Silicon Valley is a Meritocracy, According to Rich White Men

History is written by the winners. A long time ago, I had a best friend whose father was a Vietnam Vet. I asked him if he killed anyone. Only bad people, he said.

Nobody ever thinks of themselves as the bad person. The winners just live to tell about it.

Not only do people universally think of themselves as good, they also believe themselves to be smart. Cue Jack Dorsey, founder of Twitter and Square:

Success is never accidental. No accidents, just planning; no luck, only strategy; no randomness, just perfect logic. –@jack

Nevermind Jack’s privileged upbringing. Those in power call Silicon Valley a pure meritocracy because they want to believe they earned success through tenacity and wit and dashing good looks.

tony-perkins-tim-draper

So the losers should think, Gee, I guess I’m just not as smart as Jack Dorsey. I deserve to be slinging code as a low-level developer with a fraction of a percent of his net worth.

Somehow, the less-successful don’t go home and dismiss themselves as morons. They, too, believe in their own sheer brilliance. In fact, they’re so smart that they totally would have succeeded except The Man was holding them down. In a recent interview, Silicon Valley expat Shanley Kane calls the Valley: “a sexist and racist wealth distribution mechanism that relies on cronyism, corruption, and exclusion to function.”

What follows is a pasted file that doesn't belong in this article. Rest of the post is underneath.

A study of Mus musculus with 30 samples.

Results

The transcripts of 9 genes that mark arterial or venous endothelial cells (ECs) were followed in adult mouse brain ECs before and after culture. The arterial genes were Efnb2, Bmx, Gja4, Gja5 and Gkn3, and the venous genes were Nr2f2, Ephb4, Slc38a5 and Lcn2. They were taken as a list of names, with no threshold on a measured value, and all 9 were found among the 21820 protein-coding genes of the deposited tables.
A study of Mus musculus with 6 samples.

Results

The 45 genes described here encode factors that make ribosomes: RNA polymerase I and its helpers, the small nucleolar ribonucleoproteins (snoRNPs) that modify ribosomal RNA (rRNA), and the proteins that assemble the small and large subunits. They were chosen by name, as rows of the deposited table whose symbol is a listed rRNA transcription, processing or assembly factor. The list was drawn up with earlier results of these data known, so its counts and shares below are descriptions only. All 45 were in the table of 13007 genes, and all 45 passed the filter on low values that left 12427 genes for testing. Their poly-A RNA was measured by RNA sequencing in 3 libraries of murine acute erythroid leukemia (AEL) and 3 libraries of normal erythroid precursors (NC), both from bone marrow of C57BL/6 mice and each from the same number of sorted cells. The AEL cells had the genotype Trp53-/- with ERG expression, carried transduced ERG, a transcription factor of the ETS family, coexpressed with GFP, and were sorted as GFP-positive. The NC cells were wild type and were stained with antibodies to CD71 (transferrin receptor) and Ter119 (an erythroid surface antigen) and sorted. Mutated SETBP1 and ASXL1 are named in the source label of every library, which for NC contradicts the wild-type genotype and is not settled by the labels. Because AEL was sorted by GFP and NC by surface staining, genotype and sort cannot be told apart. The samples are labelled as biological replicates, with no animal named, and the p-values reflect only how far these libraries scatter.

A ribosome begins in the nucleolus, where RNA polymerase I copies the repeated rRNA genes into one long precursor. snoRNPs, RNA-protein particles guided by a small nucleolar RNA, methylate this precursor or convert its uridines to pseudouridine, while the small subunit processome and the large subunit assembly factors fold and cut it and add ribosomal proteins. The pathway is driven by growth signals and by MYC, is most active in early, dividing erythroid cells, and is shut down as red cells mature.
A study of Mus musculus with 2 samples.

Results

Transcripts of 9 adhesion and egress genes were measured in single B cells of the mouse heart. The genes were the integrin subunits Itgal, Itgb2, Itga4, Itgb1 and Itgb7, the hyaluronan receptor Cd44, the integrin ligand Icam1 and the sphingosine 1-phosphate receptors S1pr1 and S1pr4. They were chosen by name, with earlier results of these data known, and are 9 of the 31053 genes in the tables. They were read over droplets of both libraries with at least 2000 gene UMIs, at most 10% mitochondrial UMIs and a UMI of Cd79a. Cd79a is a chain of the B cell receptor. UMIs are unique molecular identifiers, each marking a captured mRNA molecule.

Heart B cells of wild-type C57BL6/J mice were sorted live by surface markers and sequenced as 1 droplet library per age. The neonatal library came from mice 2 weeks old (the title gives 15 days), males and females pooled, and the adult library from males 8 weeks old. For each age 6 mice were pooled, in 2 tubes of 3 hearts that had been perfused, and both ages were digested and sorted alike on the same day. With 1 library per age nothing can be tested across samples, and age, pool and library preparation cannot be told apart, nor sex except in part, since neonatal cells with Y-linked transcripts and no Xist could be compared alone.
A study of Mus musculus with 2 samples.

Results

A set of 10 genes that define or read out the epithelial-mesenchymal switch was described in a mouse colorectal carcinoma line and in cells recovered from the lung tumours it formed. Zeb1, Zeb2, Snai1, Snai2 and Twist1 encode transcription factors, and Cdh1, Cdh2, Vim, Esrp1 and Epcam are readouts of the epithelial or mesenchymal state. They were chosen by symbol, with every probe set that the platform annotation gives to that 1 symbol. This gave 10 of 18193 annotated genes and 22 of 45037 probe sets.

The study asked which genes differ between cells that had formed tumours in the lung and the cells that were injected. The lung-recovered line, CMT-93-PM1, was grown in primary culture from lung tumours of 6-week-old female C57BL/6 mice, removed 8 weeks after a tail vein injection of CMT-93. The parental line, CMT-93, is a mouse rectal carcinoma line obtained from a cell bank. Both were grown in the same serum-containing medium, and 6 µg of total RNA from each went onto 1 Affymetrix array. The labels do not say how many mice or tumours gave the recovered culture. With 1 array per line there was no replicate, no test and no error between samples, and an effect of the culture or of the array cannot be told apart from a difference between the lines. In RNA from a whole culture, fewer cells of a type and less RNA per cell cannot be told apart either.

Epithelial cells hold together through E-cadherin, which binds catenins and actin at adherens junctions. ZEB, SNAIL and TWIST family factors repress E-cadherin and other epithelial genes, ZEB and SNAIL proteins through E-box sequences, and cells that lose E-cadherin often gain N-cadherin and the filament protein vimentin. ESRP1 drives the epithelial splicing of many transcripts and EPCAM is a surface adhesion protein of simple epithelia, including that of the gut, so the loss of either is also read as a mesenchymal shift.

Yeah yeah, the same can be said for Wall Street, politics, Hollywood, or any high-stakes industry. Or low-stakes industry: Academia is a politicized old-boys’ club and those souls are grappling to earn minimum wage.

Silicon Valley is totally sexist unless you Lean In like Sheryl Sandberg and Marissa Mayer. Silicon Valley is totally a meritocracy unless you’re a minority who isn’t getting funded.

Maybe Silicon Valley isn’t really binary. Maybe Silicon Valley is a little of everything, just like the rest of the world.

And maybe the world isn’t totally fair, but whining is unlikely to make it more fair. And until we come up with a way to make the world inherently fair, maybe the best we can do is try to make the most of our own merits.